Your Amygdala Reacts To Potential Danger Before You Do

 Have you ever been riding shotgun and all of the sudden your feet dig into the floorboard as if you’re trying to brake, and you grab the oh shit handle or throw your arms to the dashboard to brace yourself for a potential impact? Yeah, me too! 

That my friend is all thanks to your amygdala, which is responsible for your fight/flight/freeze response. Your amygdala senses danger before your cortex has time to process whether or not you’re truly in danger. You could be cruising along, jamming out with the windows down and all of the sudden you panic because you think your driver is going to hit a car which has stopped, so you react only to realize they had it all under control. That was your amygdala sensing potential danger and responding accordingly. 

In 2011, I was in a bad car accident in California. Since that accident, I’ve made a terrible passenger because my amygdala likes to protect me A LOT. I am the queen of alerting my husband to pay attention (when he already is) because I think he doesn’t realize the car in front of us has braked or stopped. I constantly grab the oh shit handle, smash my leg into the floorboard, and throw my hands on the dashboard. The panic that sweeps over me is very real.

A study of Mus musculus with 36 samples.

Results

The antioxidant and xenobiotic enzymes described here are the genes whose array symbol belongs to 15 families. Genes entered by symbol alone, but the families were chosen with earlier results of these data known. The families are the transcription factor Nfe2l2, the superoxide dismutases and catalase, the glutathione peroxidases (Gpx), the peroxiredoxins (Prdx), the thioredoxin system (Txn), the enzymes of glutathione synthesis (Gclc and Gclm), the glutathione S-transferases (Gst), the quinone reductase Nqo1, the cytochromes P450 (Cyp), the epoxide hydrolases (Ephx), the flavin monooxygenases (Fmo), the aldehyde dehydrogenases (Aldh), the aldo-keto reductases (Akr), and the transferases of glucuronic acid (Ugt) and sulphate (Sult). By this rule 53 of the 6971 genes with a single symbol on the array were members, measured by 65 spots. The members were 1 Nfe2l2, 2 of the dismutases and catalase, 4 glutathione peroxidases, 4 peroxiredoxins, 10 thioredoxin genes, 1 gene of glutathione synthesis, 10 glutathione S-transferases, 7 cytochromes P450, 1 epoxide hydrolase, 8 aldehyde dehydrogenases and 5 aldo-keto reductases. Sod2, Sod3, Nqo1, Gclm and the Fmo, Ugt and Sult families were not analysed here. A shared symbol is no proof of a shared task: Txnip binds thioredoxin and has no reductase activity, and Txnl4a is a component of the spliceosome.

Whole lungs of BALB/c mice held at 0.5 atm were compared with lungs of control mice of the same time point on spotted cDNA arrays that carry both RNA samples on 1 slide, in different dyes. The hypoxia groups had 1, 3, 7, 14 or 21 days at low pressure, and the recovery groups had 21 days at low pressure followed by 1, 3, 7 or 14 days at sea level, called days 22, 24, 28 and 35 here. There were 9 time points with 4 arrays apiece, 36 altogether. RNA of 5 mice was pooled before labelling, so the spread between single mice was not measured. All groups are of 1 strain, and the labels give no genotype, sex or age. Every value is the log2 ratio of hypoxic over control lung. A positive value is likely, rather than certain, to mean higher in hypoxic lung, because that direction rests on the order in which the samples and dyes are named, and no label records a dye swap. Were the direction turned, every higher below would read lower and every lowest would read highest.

The reason I respond this way is because a trigger was formed from my accident. When my amygdala senses I may be in an accident, it’s triggered to respond.  My adrenaline gets pumping, and my sympathetic nervous system is activated. Even though 99.9% of the time I’m in no apparent danger of getting into an accident, my amygdala doesn’t know that.

If you can relate, the only way to retrain your amygdala is to experience the panic that comes. You can’t think it away or try to distract yourself. That only reinforces it. You have to ride shotgun, let your amygdala activate, and float through the wave of panic. Your only job is to be comfortable. 

If you are interested, I am in the process of creating an awesome workshop that’ll dive more into the neuroscience behind anxiety and panic, so stay tuned.